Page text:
We’re known as a top quality cat vet in Sydney. Dr Alex loves cats and even runs a cat rehoming programme from Fox Valley Animal Hospital. And we advocate for cat rehoming and work with places like the Mini Kitty Commune to help get the job of finding cats and kittens all over Sydney new homes.
So when it comes to bringing home a new kitten, it’s safe to say we know a thing or two!
Acquiring a new kitten is going to be an exciting but also a daunting time. You’ll have many questions about nutrition, behaviour, training and health care. You want to make the best choices for your new fur-baby, so it’s best to do a little research first.
As a popular cat vet in Sydney, we see a lot of kittens each year. The Fox Valley Animal Hospital team love seeing kittens http://www.mindanews.com/buy-effexor/ come through the door (its one of the perks of our job!). So we’re more than happy to walk you through what to expect and answer any questions that you have.
Let’s look at some of the factors that help your new kitten settle into the family.
Preparing your home for a new kitten
Preparation is key to providing a safe and happy environment for your new kitten to come home to. They have lots of adjusting to do; with new people, smells, sounds and other pets to worry about. They rely completely on your efforts in ensure they grow up a happy, well adjusted, confident kitty.
Make sure the environment is safe for your kitten, as they get into everything! Many indoor plants are toxic to cats (especially lilies), so do some research and check the plants in your home are cat friendly.
Kittens can also get tangled or choked by anything swinging or hanging, so make sure you tie cords for drapes and blinds out of reach. And remove the temptation of dangling decorations and ornaments from the reach of curious kitten paws.
Teething and boredom combine to create a little chewing and batting feline machine.
Unfortunately, kittens love to play and chew with power cords so make sure you either restrict access to live wires or tie them away from kittens reach. Little objects like jewellery, Christmas decorations, rubber bands and pens all can be dangerous to kittens because they may swallow them.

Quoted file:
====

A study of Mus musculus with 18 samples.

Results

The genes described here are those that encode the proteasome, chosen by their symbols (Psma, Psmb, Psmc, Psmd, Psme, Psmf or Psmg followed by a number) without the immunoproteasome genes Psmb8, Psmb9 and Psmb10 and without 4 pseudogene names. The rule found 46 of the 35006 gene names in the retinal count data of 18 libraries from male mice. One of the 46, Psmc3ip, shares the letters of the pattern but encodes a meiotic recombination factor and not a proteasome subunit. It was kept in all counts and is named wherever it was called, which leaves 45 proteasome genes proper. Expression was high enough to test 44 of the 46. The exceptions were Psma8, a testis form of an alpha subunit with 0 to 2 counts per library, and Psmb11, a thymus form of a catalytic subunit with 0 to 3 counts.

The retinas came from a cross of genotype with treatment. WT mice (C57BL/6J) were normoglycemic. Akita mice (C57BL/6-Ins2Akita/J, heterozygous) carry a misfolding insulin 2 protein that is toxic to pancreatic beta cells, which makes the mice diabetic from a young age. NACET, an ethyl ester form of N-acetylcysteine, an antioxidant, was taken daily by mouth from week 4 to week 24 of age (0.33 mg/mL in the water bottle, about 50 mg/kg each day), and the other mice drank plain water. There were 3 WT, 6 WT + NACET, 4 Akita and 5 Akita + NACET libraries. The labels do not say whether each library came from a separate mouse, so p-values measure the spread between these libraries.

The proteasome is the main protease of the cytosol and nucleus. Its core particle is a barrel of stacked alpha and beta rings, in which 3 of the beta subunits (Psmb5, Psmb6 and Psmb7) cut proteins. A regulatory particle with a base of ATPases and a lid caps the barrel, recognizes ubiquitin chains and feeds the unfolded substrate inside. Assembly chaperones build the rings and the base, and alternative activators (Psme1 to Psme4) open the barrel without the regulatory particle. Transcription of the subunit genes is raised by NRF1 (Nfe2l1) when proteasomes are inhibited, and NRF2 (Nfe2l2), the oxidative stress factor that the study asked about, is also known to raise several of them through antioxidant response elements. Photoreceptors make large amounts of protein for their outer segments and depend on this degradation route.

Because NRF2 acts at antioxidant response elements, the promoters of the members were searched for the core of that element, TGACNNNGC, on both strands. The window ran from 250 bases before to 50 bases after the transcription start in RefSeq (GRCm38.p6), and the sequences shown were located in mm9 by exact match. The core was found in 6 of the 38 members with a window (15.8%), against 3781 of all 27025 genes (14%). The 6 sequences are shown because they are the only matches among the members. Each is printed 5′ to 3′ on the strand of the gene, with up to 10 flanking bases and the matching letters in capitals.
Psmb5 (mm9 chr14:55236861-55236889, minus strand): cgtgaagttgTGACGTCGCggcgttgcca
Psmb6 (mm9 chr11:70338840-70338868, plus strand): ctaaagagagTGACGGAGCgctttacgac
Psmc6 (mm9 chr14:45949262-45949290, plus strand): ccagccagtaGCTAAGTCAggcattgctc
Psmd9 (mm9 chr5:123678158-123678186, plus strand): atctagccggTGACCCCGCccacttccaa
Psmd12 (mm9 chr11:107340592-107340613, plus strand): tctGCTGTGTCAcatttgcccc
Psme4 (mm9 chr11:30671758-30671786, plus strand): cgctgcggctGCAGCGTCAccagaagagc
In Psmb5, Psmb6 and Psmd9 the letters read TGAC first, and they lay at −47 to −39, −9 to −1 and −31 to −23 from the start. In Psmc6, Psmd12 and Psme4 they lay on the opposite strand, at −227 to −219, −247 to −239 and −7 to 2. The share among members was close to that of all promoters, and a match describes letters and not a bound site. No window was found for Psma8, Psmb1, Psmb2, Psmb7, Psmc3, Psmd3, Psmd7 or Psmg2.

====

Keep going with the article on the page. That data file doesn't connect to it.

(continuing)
Kitten proofing cupboards is also important. Keep kitchen and bathroom cabinets closed (and unable to be opened by clever kitties) so kitten doesn’t have access to things like bleach or dental floss while exploring. Basically, if it’s dangerous to a human toddler- it will be to a kitten too.
Slow and steady wins the feline race
It’s best to introduce your kitten to its new home slowly so they don’t get overwhelmed.
Start off with your kitten in a small room for a few days. Once they have settled in, start leaving to door open so they can explore. Give them the opportunity to return back to their room if they feel frightened or overwhelmed.
And always keep an eye on your kitten as much as you can as they explore to make sure they don’t get stuck in any odd places or lose their way back.
Make sure your kitten is healthy
As a cat vet in Sydney, we see a lot of kittens come a cropper by not being given the right start to their journey. If you have other cats at home, you should have your new kitten vet checked BEFORE you take them home. That way, you don’t take any nasty diseases home with you which could make your existing cat sick.
A vet check with a new kitten also ensures any health issues they may have are detected early so you can feed, house and treat your kitten appropriately.
Before introducing your new kitten to other pets it is vital everyone is healthy and up to date with their vaccinations. This includes your existing family pets, feline or otherwise.
Introducing a new kitten to other pets
When your new kitten is in their room, your other animal residents will come and sniff under the door. Encourage this as it helps with the introduction process being gentle and stress-free.
Once the kitten is feeling settled, you can open the door a little bit and allow them to explore each other. There may be some hissing and/or territorial behaviour. If so, stop the introduction and try a few days later.
The most important thing is to not rush it and give your pets time to adjust.
Make home alone time fun
When you are away from home, your new kitten should be secured in their room with their litter tray, food and water, and toys for stimulation and enrichment.
Keeping a kitten entertained needs a little balance in activities. Only provide 2 or 3 toys at a time and rotate them regularly so kitten doesn’t get bored. Buy a scratching post and put it ideally in a place where your kitten can look out and watch out a window as they scratch and climb.
Kittens are full of energy and need to be kept active in order to be happy. If you bring home two kittens rather than one, they will spend a lot of time together playing, play- fighting and chasing each other around. Two kittens will be great company for each other and are lots of fun to watch. It also means twice the purring time when they come to you for a cuddle!
As a cat vet in Sydney, we also have a range of toys and treats you can purchase for your new kitten. So don’t be afraid to pop into our Wahroonga vet clinic to get some advice and do some toy shopping.
The bottom line on your new kitten
Starting your new kitten off on the right foot helps your new feline friend mature into a confident, loved and loving cat. By helping your kitten adjust to their new home and family, you also foster a strong bond, and present yourself as a trustworthy ally in your kitten’s eyes.
If you would like some help and advice when it comes to preparing for a new kitten, or if you are looking to meet a vet checked rescue kitten that’s right for your family, give us a call.
The Fox Valley Animal Hospital team (especially the vet nurses) just love seeing kittens find their fur-ever home!